Selected Skirmishes: Tabloid Trash
Bill Clinton's mounting problems
Braced by polls indicating that 57 percent of the American people will believe anything President Clinton chooses to tell them, provided he looks right into the camera and clenches his jaw a little bit, the White House elected to deal with the "Flytrap" affair (Slate's contest-winning name) by hunkering deeper into denial than O.J. The instant popularity of this approach was revealed in a groundswell for the libertarian view that Bill Clinton's moral choices are between him, the Missus, and his Maker.
We've been watching the prez for going on six years now, and the idea that he regards personal characteristics as off-limits for public discourse is a makeover on the order of Geraldo's becoming a serious newsman. Bill's private life is all he has ever offered up for electoral consumption. He rose to the highest office in the land not on any recognizable policy platform or coherent philosophy of government but on the emotive yelp, "I feel your pain." He billed himself as "The Comeback Kid," the triumphant son of a broken home.
In 1992 he proudly hurled his married life to center stage with the offer: "Buy one, get one free." He boasted to 60 Minutes: "If a man's got sense enough to over-marry, it's…evidence he might be good enough" to be elected president. Please, Governor Clinton–not so personal!
Aw shucks–soccer Moms just ate it up. Clintonites took notes. The subtext of each carefully crafted soundbite, speech, gesture, and photo op in the Clinton White House has been: "I care." This was a Bushism–but poor George, a similiarly philosophy-less president, could never even remember the price of a quart of lowfat. Out of touch is the opposite of I care, and we now know, perhaps, how out of touch Mr. Clinton hasn't been.
Is it mere coincidence that, in the era of Bill Clinton, Jerry Springer has surpassed Oprah in the daytime talk ratings war? Springer scours the nation for the most sensational trash America has to offer, sets them up in gaseous conflict, strikes a match–and is blown back in mock terror as women pummel women, women pummel men, men pummel men, men pummel women. An awesome spectacle to behold; H.L. Mencken referred to such freak shows as the American's "libido for the ugly."
You've heard of instant gratification. Think of Springer as instant sanctification. Bounding out of the violence is always a moral, and salvation is never more than a commercial break away. No matter his failings (or high crimes and misdemeanors), a serious person who appears chastened and who earnestly gestures that he will do better brings a roar of approval: moral rehab made fun and easy.
America is now Bill Clinton's extended dysfunctional family, and the polls serve as his enablers. In January 1992, a fading candidate Clinton went on national TV to allow as how he had "caused pain" in his marriage, but that he and his loving wife were working to put all of that behind them. Mr. Clinton ostentatiously put his private life on display, and with about as much fact checking as accompanies the standard Jerry Springer Show claim.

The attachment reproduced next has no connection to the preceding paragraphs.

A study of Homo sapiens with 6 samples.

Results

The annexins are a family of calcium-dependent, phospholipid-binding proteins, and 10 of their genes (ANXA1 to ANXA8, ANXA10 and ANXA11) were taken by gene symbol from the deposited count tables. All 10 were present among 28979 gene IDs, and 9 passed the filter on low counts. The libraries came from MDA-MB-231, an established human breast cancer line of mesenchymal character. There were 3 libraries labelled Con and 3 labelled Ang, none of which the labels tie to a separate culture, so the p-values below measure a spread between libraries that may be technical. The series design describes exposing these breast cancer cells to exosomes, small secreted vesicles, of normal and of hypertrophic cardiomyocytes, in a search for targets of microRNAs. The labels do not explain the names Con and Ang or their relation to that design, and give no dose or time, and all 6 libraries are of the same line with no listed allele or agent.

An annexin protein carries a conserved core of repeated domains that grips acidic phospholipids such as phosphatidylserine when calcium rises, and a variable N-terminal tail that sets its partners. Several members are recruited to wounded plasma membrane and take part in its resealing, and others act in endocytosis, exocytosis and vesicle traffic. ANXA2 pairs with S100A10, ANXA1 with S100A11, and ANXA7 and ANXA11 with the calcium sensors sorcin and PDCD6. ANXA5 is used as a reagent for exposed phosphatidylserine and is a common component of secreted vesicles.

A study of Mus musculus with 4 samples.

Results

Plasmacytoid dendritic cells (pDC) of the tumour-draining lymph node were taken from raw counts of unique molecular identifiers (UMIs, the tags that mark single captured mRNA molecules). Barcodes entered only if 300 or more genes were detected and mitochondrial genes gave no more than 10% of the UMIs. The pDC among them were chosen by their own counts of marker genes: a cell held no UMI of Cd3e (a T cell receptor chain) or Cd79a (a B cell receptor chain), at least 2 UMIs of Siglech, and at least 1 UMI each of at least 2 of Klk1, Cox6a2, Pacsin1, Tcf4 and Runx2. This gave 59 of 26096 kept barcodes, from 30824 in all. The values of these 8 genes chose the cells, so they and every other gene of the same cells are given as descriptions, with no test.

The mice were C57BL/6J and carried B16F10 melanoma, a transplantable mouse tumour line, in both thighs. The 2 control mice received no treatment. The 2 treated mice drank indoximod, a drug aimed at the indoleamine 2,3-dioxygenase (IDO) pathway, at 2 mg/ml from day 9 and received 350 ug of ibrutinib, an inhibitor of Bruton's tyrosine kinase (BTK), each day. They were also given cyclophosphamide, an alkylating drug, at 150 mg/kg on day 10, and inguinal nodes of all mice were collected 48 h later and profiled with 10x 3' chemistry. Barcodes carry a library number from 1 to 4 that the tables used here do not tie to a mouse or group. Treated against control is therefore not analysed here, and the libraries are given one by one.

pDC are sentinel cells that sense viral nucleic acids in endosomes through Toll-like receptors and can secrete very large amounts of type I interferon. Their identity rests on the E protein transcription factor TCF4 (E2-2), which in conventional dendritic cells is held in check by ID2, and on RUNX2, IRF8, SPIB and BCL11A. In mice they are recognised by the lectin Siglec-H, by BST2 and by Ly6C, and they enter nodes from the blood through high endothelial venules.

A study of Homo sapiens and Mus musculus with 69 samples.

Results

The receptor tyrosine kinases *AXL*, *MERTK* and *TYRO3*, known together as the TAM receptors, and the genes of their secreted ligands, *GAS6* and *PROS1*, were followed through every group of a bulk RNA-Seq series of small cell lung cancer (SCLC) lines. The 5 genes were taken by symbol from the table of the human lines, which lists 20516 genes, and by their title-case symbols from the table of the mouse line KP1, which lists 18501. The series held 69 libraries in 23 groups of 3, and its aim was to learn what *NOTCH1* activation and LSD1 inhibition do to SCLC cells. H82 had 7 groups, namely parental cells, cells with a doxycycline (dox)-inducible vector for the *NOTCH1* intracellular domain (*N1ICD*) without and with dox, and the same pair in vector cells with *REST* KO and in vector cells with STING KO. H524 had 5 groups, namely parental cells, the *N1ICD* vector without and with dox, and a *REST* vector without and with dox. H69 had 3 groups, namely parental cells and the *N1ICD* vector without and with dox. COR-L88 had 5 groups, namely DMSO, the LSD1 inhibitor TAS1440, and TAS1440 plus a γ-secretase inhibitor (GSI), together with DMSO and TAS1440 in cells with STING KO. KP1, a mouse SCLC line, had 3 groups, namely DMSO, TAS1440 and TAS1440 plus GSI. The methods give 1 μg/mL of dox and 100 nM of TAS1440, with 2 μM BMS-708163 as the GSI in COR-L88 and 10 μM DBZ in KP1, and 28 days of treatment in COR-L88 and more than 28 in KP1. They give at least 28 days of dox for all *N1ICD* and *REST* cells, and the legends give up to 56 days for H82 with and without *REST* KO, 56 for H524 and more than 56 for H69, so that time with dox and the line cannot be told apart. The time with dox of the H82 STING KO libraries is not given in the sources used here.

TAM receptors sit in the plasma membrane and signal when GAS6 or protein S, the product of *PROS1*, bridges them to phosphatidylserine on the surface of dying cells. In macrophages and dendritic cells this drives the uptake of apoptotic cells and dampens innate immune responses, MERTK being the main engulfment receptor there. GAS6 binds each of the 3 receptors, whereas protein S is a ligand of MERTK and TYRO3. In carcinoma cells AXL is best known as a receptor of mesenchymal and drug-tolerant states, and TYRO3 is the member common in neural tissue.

The president's apologists are correct when they insist that today the real issue is the commander-in-chief's performance on the job. I have no doubt that the mendacities Bill Clinton dispenses with compelling certitude on the science of global warming, his "mending" of affirmative action, and the employment consequences of the minimum wage will be far more deadly to Americans than any little bug we may pick up from debaucheries in "the Johnson presidency" (my favorite Slate runner-up). But his eagerness to confuse our office with his office–well, as The Nation's Christopher Hitchens notes, "even the French understand corruption."
And so, of course, does Bill. He sees the connection between heart and head more brightly than anyone. That's why he prefers to fib about his "private life" rather than to claim privacy as a right. Bill is first in his class to "go personal," flamboyantly flashing his (publicly) sweet side, assiduously hiding his (private) bursts of temper, and aggressively savaging his foes as "mean-spirited" and "partisan." When the leaders of the GOP Congress disagreed with the president on taxes and the budget, they were cold-hearted bastards who shut the government down in order to protect their rich and powerful friends. Clinton frames his opposition not as disagreeable ideas but as evil people.
Which brings us back to Jerry Springer. In his parallel universe, good intentions trump performance. On a similarly tawdry stage, Bill Clinton employs every special effect to make his fiscal demagoguery appear a grand vision, to pass off America's great capitalist engine as a mere spinoff of the Clinton economic recovery. It has not gone unnoticed that the national leader who now regrets how small his zone of personal privacy has shrunk was the same man who in 1991 retained a private investigator to cap much-feared "bimbo eruptions." The same man sent forth his shameless minions to tar various citizens of this Republic–folks with stories to tell that were shockingly omitted from the Thomasons' Man from Hope video–as "tabloid sleaze" and "trash for cash."
It worked so winningly–at least until the "vast, right-wing conspiracy" got organized. Bad, mean, terrible men (and women, the tramps!) are again out to destroy the president. I sure do hope that Janet Reno is able to expose and bring these demons to justice. Then, perhaps, we can devote our full energies to helping O.J. search for the "real killers."
Contributing Editor Thomas W. Hazlett (email@example.com) teaches economics and public policy at the University of California, Davis.